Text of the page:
Sullivan On New Path To Picking U.S. Judge


Alaska Beacon

Alaska Republican U.S. Sen. Dan Sullivan has picked a nine-member panel to help him select nominees for a long-vacant federal judgeship in Alaska, eschewing the traditional process.

In a written statement, Sullivan said the new Alaska Federal Judiciary Council will help “identify federal judiciary candidates of character, experience, and an unflinching commitment to the rule of law.”

Alaska’s senior Senator, Republican Lisa Murkowski, said conversations about changing the selection process “should have started a long time ago” and implied that switching processes now could extend the time that Alaska is without a federal judge.

One of Alaska’s three federal district court seats has been vacant since the retirement of Judge Timothy Burgess at the end of 2021. 

Federal judges serve lifetime appointments. Formally, they’re nominated by the President and subject to a confirmation vote by the U.S. Senate.

Under custom and tradition, home-state senators suggest a list of nominees to the president, who selects from that list in order to reduce the chance that the nominee is blocked by one of the state’s senators.

Alaska’s senators have traditionally relied on advice from the Alaska Bar Association to inform their picks for vacant seats on the judicial bench.

In March, after a request from Murkowski, the Alaska Bar Association asked interested attorneys to submit their resumes and other information. 

Fourteen people applied, and the bar polled the state’s other attorneys with a simple question: Is the candidate qualified for the job?

The four applicants with the highest ratio of the most positive answers were Anchorage Superior Court Judge Yvonne Lamoureux, U.S. Attorney S. Lane Tucker, Stoel Rives partner Tina Grovier, and Alaska Solicitor General Tamara DeLucia. 

The Bar Association sent those names to Murkowski and Sullivan in May along with a letter asking the senators to ensure “that the nomination proceeds as expediently as possible.”

Murkowski, in a written statement released Wednesday, said she’s interviewed the possible candidates since then and is ready to make some decisions.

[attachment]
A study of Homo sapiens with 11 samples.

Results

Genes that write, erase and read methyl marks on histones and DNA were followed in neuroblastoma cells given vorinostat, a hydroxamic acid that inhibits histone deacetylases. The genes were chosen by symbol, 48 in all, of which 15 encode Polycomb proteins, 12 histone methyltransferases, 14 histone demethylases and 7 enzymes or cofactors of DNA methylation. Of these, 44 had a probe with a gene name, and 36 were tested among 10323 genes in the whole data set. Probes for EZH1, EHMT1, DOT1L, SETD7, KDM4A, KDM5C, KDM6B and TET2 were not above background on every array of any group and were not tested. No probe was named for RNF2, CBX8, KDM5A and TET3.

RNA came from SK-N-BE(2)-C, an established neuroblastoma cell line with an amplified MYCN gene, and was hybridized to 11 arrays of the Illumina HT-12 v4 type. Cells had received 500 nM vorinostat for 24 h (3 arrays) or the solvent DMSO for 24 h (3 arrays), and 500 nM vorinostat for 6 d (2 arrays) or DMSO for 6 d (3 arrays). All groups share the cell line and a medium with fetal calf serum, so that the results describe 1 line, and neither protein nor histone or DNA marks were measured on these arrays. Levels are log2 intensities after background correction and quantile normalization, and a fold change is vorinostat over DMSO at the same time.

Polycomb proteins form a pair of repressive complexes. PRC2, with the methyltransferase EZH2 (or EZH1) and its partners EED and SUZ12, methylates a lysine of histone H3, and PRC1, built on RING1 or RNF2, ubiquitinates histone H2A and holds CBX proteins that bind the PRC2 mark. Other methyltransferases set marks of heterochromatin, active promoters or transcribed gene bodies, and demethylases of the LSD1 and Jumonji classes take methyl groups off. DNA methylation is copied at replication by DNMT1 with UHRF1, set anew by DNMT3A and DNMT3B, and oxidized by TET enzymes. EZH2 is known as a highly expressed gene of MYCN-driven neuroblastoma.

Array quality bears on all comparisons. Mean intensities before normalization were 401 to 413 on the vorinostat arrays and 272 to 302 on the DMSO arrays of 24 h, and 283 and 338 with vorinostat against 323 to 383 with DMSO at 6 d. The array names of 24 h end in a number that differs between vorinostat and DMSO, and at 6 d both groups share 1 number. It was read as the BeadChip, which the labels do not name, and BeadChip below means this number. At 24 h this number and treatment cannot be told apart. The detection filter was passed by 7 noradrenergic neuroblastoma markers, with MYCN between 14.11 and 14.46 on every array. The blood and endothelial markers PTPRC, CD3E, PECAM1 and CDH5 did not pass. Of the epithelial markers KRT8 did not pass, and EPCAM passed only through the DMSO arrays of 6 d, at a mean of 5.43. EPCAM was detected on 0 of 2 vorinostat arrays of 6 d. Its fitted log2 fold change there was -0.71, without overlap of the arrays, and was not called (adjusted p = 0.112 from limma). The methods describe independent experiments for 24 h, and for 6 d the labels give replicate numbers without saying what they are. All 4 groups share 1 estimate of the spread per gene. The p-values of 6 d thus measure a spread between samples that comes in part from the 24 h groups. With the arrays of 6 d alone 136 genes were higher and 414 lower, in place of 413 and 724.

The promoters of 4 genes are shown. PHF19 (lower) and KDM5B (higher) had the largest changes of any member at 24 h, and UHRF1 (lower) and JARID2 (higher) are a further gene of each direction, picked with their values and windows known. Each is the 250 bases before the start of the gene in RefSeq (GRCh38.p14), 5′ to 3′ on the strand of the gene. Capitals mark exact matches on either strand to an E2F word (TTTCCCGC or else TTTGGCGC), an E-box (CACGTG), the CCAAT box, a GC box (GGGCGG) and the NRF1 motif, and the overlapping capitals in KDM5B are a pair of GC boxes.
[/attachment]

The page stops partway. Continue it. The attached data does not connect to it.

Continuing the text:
“My process is now complete,” Murkowski said in a Wednesday statement. “Alaskans have waited long enough for the district court to operate at full capacity, and I look forward to the vacancy being filled without further delay.”

Sullivan is taking a different approach. 

Studies have found a significant and growing correlation between education and political preference: Americans with college degrees are more likely to vote Democratic than Republican, and the tendency is even stronger among Americans with advanced degrees.

Partially because of that trend, conservatives have grown increasingly skeptical of the role that bar associations — made up of attorneys with advanced degrees — play in nonpartisan judicial selection processes.

In the Alaska Legislature, Republicans — including Gov. Mike Dunleavy — have repeatedly and unsuccessfully attempted to change the role that the nonpartisan Alaska Judicial Council plays in judicial selection.

That council consists of three public members, three attorneys selected by the bar, and the state’s chief justice, who votes only to break a tie.

Sullivan’s new council somewhat resembles the Alaska Judicial Council, except that all nine members were picked by him alone. 

Among the selectees are several attorneys, including former Gov. Sean Parnell, former Lt. Gov. Loren Leman, and Jonathan Katchen, who was nominated for a prior Alaska federal judgeship but later withdrew from consideration.

The council includes non-attorneys, such as Kim Reitmier, president of the ANCSA Regional Association, and attorneys who are not listed as part of the Alaska Bar, such as Stephen Cox, a contributor to the conservative Federalist Society who works as general counsel and senior vice president for Bristol Bay Industrial.

Sullivan’s statement did not include a timeline for making his nominations to the president.

“The gravity of a federal judge’s responsibilities warrants a thorough search for candidates, a serious examination of their records, and the input of those who will be most impacted by their rulings—Alaskans,” he said. “With this inclusive and diverse council, we’ve convened not only some of Alaska’s sharpest legal minds, but also those with detailed knowledge of many critical facets of Alaska, including crime victims, law enforcement, resource development, and Alaska Native communities.”

The federal judicial appointment process can move slowly. The last time Alaska had a vacancy, it took almost five years before the U.S. Senate confirmed former Department of Interior attorney Josh Kindred.

Of 72 current vacancies in the federal judiciary, Alaska’s is tied as the 19th-oldest; the oldest dates to 2017. 

With one seat vacant, more work now falls on Alaska’s roster of five “senior” judges, those who have officially retired from the bench but may hear cases as needed.